Boy do I stink at directing my time. If there was an award for procrastinator of the millennium I’d be awarded it posthumously because any time before then would be too prompt. I delay doing the things I need to do, like any sane human being. But I even delay doing the things I want to do. This is the story of my life and so many others: it’s really hard not to let obstacles get in the way of truly good things.
More than overcoming obstacles, though, I’m only recently learning how to identify them.
As I get older it becomes clear that “soft” obstacles are harder to combat. What does that mean? To me it means obstacles that don’t even really feel like obstacles. I want to play board games but it’s easier to play video games. I want to watch the meaty dramas of this television golden age but it’s easier to rewatch half-hour comedies. I want to write this blog but it’s easier to...not write this blog.
In a more meaningful sense, I want to love my wife and reach out to people around me but it’s easier to be grinchy if I didn’t sleep well the night before. Or if I’m distracted. Or hungry. Or unhappy with the weather.
Yeah. I’m basically a newborn baby.
Whether benign or impactful, the interaction is the same. While on the path to do something good and healthy I encounter a bypass to something less good and less healthy and I take it. And bypass leads to winding bypass until I’m in the negativity badlands with no map telling me how to get back.
First it’s small diversions. Then it’s small choices. Then all of a sudden it’s big, huge, scary wastelands. And it all starts with going to get Taco Bell instead of making that zoodle spaghetti.
Small choices got me here. I’m going to have to start small to get out.
You know ants? (I know of them.) They’re pretty great. Super strong, super good at navigation, and capable of overcoming almost any obstacle to achieve their goals. They’re also extra small. Perfect teachers for big, dumb me during this lesson.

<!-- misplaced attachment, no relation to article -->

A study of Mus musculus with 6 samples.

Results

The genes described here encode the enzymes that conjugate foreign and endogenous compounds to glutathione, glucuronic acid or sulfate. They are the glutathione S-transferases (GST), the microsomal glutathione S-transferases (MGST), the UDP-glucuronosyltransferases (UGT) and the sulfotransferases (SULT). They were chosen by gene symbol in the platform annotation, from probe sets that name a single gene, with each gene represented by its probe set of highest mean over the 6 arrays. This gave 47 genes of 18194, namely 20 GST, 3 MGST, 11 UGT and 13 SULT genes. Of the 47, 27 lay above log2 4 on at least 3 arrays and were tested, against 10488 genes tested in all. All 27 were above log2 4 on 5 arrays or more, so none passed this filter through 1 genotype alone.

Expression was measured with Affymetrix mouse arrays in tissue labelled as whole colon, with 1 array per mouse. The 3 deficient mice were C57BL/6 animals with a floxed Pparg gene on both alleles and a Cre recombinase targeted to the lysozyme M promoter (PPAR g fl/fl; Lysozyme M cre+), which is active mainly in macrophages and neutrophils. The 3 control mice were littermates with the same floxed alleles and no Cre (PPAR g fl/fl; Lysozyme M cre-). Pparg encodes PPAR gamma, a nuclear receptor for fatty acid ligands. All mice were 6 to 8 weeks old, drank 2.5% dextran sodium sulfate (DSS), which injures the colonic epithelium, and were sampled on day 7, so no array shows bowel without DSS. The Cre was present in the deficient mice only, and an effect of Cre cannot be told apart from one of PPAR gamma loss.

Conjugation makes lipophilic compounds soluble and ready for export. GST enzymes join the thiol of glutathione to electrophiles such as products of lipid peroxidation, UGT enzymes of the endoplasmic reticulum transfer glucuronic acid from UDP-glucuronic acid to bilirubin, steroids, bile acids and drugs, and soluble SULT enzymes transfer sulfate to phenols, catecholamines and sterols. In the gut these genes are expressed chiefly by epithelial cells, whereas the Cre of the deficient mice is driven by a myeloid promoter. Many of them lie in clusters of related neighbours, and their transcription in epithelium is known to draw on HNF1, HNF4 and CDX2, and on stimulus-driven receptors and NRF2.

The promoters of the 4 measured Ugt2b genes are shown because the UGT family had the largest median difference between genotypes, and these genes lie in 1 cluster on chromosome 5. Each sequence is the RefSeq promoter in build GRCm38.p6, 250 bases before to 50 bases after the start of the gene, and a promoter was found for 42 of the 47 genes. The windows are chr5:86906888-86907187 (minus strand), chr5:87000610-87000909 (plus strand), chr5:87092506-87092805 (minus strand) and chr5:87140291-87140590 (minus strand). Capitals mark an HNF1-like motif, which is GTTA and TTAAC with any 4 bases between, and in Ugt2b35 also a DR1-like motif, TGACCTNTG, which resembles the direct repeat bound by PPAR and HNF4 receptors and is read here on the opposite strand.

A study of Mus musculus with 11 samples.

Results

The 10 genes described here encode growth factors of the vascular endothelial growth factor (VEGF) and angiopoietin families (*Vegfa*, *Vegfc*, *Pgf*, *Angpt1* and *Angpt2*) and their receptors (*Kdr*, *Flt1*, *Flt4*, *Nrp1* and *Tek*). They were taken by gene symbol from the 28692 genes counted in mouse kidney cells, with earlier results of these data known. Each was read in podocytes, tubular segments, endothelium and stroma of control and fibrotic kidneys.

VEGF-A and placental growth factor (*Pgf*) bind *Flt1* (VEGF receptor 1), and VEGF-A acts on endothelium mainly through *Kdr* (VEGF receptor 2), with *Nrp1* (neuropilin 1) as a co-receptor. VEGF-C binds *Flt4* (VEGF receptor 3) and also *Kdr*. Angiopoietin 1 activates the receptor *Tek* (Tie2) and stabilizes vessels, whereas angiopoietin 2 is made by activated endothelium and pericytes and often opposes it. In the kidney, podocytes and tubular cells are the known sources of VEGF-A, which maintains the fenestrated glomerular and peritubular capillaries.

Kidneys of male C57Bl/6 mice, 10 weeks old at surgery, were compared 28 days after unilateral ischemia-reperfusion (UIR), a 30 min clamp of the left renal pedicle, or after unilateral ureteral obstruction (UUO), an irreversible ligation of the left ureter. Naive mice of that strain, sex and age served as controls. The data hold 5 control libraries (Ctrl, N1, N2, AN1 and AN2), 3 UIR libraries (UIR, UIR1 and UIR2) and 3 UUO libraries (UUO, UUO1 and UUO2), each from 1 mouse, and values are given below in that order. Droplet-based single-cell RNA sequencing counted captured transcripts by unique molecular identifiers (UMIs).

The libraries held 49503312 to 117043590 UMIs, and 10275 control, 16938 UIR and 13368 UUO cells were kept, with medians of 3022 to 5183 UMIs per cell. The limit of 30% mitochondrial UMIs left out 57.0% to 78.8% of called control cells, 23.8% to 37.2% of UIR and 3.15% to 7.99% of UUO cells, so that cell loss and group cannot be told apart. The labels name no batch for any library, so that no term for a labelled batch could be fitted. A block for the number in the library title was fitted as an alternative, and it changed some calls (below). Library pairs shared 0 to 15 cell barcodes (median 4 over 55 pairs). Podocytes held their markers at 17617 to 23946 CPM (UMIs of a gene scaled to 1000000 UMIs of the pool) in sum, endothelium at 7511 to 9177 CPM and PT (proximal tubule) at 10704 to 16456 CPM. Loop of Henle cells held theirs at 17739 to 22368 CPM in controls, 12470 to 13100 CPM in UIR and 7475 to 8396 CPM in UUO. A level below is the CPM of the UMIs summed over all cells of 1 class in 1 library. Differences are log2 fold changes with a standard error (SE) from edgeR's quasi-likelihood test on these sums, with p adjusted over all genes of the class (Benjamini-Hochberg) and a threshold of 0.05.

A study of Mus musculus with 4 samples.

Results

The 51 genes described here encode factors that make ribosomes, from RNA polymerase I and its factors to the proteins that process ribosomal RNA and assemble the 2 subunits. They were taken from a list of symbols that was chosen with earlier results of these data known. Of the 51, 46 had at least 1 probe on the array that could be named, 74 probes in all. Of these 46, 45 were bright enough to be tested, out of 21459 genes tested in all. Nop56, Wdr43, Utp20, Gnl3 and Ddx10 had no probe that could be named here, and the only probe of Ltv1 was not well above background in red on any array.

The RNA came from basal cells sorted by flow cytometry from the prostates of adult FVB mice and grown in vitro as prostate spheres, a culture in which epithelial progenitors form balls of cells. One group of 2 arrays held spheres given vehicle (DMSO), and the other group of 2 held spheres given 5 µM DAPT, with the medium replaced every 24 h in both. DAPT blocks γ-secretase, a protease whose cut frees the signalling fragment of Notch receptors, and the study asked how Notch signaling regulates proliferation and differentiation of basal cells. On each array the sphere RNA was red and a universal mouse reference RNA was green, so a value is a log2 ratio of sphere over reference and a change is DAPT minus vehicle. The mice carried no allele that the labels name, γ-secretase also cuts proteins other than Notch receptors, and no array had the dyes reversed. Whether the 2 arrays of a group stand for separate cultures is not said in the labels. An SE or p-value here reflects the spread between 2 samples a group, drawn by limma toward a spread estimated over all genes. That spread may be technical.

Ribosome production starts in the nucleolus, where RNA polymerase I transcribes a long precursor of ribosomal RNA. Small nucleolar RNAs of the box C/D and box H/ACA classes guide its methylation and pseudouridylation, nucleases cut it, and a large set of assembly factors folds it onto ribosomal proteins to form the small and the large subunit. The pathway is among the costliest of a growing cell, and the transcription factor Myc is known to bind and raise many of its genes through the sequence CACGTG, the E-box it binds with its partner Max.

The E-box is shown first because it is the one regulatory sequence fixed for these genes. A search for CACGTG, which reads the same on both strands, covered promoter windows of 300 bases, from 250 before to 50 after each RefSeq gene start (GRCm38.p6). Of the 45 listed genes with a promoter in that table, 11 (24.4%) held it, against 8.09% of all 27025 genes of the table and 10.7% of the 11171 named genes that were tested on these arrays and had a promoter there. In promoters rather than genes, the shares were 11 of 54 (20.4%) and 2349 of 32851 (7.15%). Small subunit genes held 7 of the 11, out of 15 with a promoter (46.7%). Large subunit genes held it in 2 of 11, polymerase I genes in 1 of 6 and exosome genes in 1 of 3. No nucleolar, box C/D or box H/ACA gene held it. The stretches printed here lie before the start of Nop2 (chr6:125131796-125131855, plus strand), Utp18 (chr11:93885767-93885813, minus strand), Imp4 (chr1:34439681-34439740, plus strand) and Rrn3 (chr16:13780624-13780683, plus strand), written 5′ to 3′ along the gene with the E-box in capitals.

Not too long ago I watched our cats terrorize a marching line of ants carrying little bits of food back to yonder home. Trying to put myself in the ants’ position I was imagining Godzilla or some giant kaiju stomping through Portland while we humans scurry around at their feet. It’s horror and fleeing and probably peeing all at once.
But the ants just kept plugging away. They weren’t dissuaded by the bounding, romping monsters that dwarfed them in every way. They did what they needed to do despite massive and terrifying obstacles. These minuscule creatures risked life and limb to provide for themselves and their future.
And all because they knew instinctively that they needed to complete their task so that they could live well. They’ve got it totally right.
It’s pretty sad to realize you’re being out-charactered by a bug with a brain literally the size of a grain of sand.
This brings us back to Procrastination Junction. My problem is with vision, which is fitting for a driving metaphor. It’s difficult to fight the soft power of easy bypasses because I’m not looking at the horizon. Doggedly following dreams and heartfelt yearnings is wisdom AND satisfaction. Getting bogged down in things just because they’re easy is like choosing to play in the rain gutter while you’re on your way to the ocean.
Furthermore, not to be morbid, but it is true that I’m starting to understand my mortality a little more as I crest 30 years old. I’m not infinite or invincible and I do want to make an impact in hearts and minds. I want to leave a meaningful legacy. If I didn’t realize before that now is all I have, it’s getting easier the more wasted “nows” that I have in the rear view.
I’ll be damned if I let a third run-through of Parks and Recreation keep me from my destiny.
So listen up, young Brent, naive and fresh-faced all those days ago: procrastination is never the answer. One too many burgers is just as much of a danger to purposeful living as King Kong. Stay alert. Think ahead.
And don’t take it so lightly. Many ants died to bring us this information.